I spent all of yesterday at the Galaxaar Pop Culture Marketplace vending as Books & Chains, so it wasn’t until I arrived home in the evening that I logged into social media to see the #MeToo posts by so many of my friends and fellow authors, be they men, women, non-binary, or transitioning.
When I woke up this morning and the posts continued to scroll across my screen, I wished nothing more than to type out some greatly profound post about the topic because #MeToo, but I couldn’t. Despite being a survivor myself and having done charity work for RAINN (the Rape, Abuse, & Incest National Network), the words have been lost to me today.
Perhaps it is the knowledge that this sudden awareness doesn’t change the systemic problem in our society, one that has led to male toxicity, rape culture, and a severe lack of body autonomy. Or perhaps it is the fact that one of the kings of sexual harassment sits in the highest position in our country. Part of me fears that in a few days, the next crisis will hit social media and people will return to ignoring the constant abuse that occurs towards women on a daily basis. My hope is that it won’t disappear and fade into the background as so many things do.
For once, the sheer numbers have been given a voice. Perhaps our refusal to remain silent will be what catapults us into a better place–one where I don’t have to cross the street to avoid walking past a man, or where a friend doesn’t have to set men’s work boots outside her front door. A world where it’s not assumed I’m “the sub” because “women can’t teach computers,” or a world where nighttime is never the time to be alone. Ever.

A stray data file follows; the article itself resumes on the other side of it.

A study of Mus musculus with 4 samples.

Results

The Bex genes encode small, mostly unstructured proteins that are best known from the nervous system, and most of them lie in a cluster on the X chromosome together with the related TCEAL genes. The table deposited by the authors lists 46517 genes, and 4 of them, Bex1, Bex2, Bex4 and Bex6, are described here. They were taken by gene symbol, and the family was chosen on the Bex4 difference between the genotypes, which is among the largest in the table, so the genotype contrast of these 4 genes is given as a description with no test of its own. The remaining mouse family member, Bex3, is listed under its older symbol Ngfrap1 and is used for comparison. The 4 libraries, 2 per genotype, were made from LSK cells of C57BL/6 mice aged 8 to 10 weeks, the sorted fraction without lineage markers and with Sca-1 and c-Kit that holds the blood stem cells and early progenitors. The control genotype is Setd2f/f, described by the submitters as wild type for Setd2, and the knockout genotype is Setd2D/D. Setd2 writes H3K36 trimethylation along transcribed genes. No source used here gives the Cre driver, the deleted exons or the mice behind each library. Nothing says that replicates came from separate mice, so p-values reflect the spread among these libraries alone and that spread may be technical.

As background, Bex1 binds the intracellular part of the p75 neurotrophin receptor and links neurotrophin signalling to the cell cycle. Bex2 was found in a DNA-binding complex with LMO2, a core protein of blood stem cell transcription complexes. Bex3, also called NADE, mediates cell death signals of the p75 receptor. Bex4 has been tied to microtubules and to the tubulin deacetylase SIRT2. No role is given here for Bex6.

I could list out all the times I’ve been sexually harassed or assaulted. I could share all the millions of stories from across various social media platforms that detail the horrors women face just to exist in this world, but I don’t think I need to.
The past twenty-four hours has already opened eyes with regards to how many people can say #MeToo. Far too many. Every 98 seconds, another American is sexually assaulted. And for once, I think people may have realized it how prevalent it is. But until we teach children about body autonomy and emotional intelligence, we will continue to see the sexual harassment and assault viewed as “locker room talk” or “a joke.”
I am so proud of every person who shared something, even a simple #MeToo, and raised awareness about the sheer number of people impacted by sexual harassment and assault. I am equally proud of those of you who, for whatever reason, choose to remained silent. That is your right.
Be they men or women or non-binary or non-conforming, the only way we get through this is together. We can’t change this deeply rooted problem overnight any more than we can snuff out racism in a moment, but this is a start. Here and now. If you are able, speak up. Speak out.